Cable BayRhosneigr, Anglesey

Cable Bay, Rhosneigr, Anglesey, North Wales

A lovely little sandy cove, Cable Bay is nestled between rocky headlands and is one of Anglesey’s less developed beaches with bags of natural charm.

Backed by gentle sand dunes, and containing rock-pools to explore at low tide, kids love Cable Bay. Popular with surfers, body-boarders and fishermen, it has something for everyone!


Situated in a sheltered inlet it’s a popular spot in the summer, but less bustling than nearby Rhosneigr. It’s a great beach for families and because it’s situated between the seaside villages of Aberffraw and Rhosneigr - you’re not far from shops and eateries. Often you just want to sit and relax with the wind in your hair and sand between your toes, listening to the sound of waves breaking; Cable Bay is a great place for this!

If history is your thing, you’ll be delighted by the ancient burial chamber, Barclodiad y Gawres, situated on the bay’s northern headland, which dates back to the Stone Age. With its fabulous sea and mountain views, it’s not difficult to see why Cable Bay has attracted people through the ages.

At a glance
  • Great for bodyboarding.

  • Parking right next to the beach.

  • Mix of sand and pebbles.

  • Walk up to Ancient Burial Chamber.

Beach info

Beach type

Sandy - with some rocks.

Facilities are very limited at Cable Bay. Other than the car park and the occasional ice-cream/refreshment van on sunny days - there are no facilities here. The nearby seaside village of Rhosneigr, however, has several pubs and restaurants, as well as shops and a post office. Aberffraw and Llanfaelog village also have a smaller selection of shops, cafes and pubs.


There is plenty of parking right behind the beach. Parking for approx 50 cars. There is a fee for using the car park in peak season.


Moderate - access to the beach is a short walk over the dunes. There are one or two big steps down, built into the dunes, so prams will need to be lifted.

Top tips
Flora & Fauna
Weather & tide
  • A great sea-bass and thornback ray spot!
  • Mackerel fishing is popular off the rocks - plus the usual pollack, wrasse,strap conger, dogs and pin whiting.
  • People fish from both sides of Cable Bay  - from Ty Croes to Porth Nobla  - though the right side of the bay is considered by some to be the best. The area close to the corner enables you to cast onto clean sand for the rays, the further you go to the right,the rockier it gets.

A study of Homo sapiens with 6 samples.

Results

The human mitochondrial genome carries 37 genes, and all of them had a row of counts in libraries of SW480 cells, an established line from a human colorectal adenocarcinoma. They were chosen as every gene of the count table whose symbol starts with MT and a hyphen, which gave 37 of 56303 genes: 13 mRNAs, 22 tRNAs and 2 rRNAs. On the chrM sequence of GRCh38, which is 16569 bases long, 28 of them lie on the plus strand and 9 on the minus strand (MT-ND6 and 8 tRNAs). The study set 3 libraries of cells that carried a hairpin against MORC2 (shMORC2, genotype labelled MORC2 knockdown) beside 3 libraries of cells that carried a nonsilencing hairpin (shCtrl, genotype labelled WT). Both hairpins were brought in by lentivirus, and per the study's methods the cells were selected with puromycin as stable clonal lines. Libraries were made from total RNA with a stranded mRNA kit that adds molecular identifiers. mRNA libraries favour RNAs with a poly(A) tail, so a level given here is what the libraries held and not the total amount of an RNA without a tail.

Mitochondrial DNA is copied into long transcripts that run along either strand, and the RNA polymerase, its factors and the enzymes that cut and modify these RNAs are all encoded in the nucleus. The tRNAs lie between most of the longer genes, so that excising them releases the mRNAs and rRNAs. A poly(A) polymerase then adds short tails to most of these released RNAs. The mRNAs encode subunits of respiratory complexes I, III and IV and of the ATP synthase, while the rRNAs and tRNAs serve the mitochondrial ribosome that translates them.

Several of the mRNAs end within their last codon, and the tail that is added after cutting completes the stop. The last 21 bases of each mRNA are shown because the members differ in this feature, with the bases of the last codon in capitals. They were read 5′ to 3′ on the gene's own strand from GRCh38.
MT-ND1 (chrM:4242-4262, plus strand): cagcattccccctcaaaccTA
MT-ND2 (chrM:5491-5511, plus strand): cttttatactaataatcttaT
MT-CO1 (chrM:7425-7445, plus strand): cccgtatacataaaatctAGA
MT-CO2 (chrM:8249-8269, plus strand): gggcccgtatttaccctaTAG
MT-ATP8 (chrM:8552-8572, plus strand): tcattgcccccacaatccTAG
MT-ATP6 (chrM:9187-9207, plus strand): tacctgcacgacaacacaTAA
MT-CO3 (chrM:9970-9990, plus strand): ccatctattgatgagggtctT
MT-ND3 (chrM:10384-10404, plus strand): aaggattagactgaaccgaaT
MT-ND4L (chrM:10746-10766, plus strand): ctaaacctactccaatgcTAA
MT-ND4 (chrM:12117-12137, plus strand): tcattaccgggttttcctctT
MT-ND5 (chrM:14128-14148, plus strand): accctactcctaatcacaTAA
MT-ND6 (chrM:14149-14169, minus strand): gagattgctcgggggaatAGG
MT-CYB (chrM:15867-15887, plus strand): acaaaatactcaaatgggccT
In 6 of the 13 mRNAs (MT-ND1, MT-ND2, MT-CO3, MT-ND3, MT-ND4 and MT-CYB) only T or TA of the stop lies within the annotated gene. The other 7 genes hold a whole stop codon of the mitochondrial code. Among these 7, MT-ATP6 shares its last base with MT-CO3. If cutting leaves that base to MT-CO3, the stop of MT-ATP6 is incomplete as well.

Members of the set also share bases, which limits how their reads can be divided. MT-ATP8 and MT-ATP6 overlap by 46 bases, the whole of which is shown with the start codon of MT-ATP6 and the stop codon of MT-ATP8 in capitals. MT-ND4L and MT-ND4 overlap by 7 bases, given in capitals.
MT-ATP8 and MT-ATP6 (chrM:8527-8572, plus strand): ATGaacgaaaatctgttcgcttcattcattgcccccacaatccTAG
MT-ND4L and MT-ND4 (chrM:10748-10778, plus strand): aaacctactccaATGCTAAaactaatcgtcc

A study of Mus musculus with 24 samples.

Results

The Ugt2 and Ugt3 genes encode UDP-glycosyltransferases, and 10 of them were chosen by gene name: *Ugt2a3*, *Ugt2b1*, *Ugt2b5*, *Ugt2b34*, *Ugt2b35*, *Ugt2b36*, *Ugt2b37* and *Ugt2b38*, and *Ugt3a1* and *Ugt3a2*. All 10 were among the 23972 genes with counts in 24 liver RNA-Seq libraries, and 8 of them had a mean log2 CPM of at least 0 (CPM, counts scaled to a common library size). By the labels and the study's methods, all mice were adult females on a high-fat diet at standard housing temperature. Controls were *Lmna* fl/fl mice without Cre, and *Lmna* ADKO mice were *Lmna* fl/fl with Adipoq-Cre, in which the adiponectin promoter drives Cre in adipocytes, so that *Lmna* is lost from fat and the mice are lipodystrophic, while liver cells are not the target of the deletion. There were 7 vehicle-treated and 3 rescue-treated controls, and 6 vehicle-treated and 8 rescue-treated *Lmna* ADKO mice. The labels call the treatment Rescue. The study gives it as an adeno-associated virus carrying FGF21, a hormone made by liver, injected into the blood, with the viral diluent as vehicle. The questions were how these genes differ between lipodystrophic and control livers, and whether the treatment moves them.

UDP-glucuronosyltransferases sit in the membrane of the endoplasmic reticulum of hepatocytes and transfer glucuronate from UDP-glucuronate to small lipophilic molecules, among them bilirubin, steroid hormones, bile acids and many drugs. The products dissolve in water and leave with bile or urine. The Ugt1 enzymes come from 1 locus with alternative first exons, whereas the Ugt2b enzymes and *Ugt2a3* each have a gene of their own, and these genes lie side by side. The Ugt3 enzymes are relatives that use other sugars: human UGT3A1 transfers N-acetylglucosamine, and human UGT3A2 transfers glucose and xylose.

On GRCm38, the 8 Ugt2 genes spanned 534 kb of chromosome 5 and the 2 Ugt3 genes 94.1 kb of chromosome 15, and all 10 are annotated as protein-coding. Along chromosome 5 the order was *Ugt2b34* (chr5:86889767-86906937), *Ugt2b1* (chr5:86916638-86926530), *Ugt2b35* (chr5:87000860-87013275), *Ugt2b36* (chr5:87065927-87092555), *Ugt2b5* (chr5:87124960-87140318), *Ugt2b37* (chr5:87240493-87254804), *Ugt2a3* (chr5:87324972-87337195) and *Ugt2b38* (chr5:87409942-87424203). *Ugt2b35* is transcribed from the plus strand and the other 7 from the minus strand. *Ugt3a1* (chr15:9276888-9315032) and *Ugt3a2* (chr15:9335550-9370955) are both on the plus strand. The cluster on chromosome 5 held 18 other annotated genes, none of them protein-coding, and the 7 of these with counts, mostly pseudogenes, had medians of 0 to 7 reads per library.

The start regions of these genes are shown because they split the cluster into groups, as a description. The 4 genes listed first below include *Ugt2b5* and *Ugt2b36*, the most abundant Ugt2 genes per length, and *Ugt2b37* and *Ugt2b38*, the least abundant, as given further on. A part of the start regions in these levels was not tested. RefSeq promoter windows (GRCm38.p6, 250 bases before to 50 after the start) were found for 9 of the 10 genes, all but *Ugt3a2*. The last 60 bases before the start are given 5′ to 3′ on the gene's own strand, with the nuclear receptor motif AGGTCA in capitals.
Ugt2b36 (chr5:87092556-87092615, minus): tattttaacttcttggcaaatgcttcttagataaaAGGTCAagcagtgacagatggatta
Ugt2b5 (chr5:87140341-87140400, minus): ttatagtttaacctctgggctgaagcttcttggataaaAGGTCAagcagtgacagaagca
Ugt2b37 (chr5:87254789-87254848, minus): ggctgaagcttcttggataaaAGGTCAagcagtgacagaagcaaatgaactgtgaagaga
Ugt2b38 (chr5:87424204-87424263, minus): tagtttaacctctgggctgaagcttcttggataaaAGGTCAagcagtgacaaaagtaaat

• Sandeel on its own or wrapped in squid is a good tip if you’re after rays!
  • Fishing on all size tides is good - with the flood being most productive.


You are responsible for your own safety when visiting a suggested beach. We make no representations or warranties as to the accuracy of the information on this site in relation to any of the suggested beaches. While we try to ensure that all beaches on this site are suitable for the purpose for which they are suggested, you should be aware that no beach is entirely safe and all beaches carry a degree of risk to person and property. It is your responsibility to ensure that you mitigate any such inherent risks.

We accept no responsibility for loss or damage to personal effects, personal accident, injury or public liability in relation to a suggested beach on this site (although we do not exclude or limit in any way our liability to you where it would be unlawful to do so). Furthermore, while we try to ensure that all suggested beaches are open to the public, this is liable to change and you should ensure that this is the case before you visit. Please respect private property (including livestock), as we accept no responsibility for trespassing or damage to private property, to either you or any third party. Please take extra care around steep drops on cliff paths. Water quality may vary and be aware that some beaches may not allow dogs.

Always follow advice from relevant authorities, including HM Coastguard and any lifeguards present on the beach. Swimming flags must always be adhered to. Currents can be strong enough to drag even a strong swimmer, and rocks and unexpected shallow or deep water may not always be obvious. Swimming should only be done in calm conditions when supervised from land, ideally by a lifeguard on a flagged beach. Avoid swimming around boats, jet skis or surfers. Check the weather forecast and tide timetables in advance of a visit to a beach. Always pack water and appropriate clothing. Be aware of the risk of sunburn and wear a high-factor sun-cream. Children and pets should be supervised at all times, and dogs should be kept on a lead.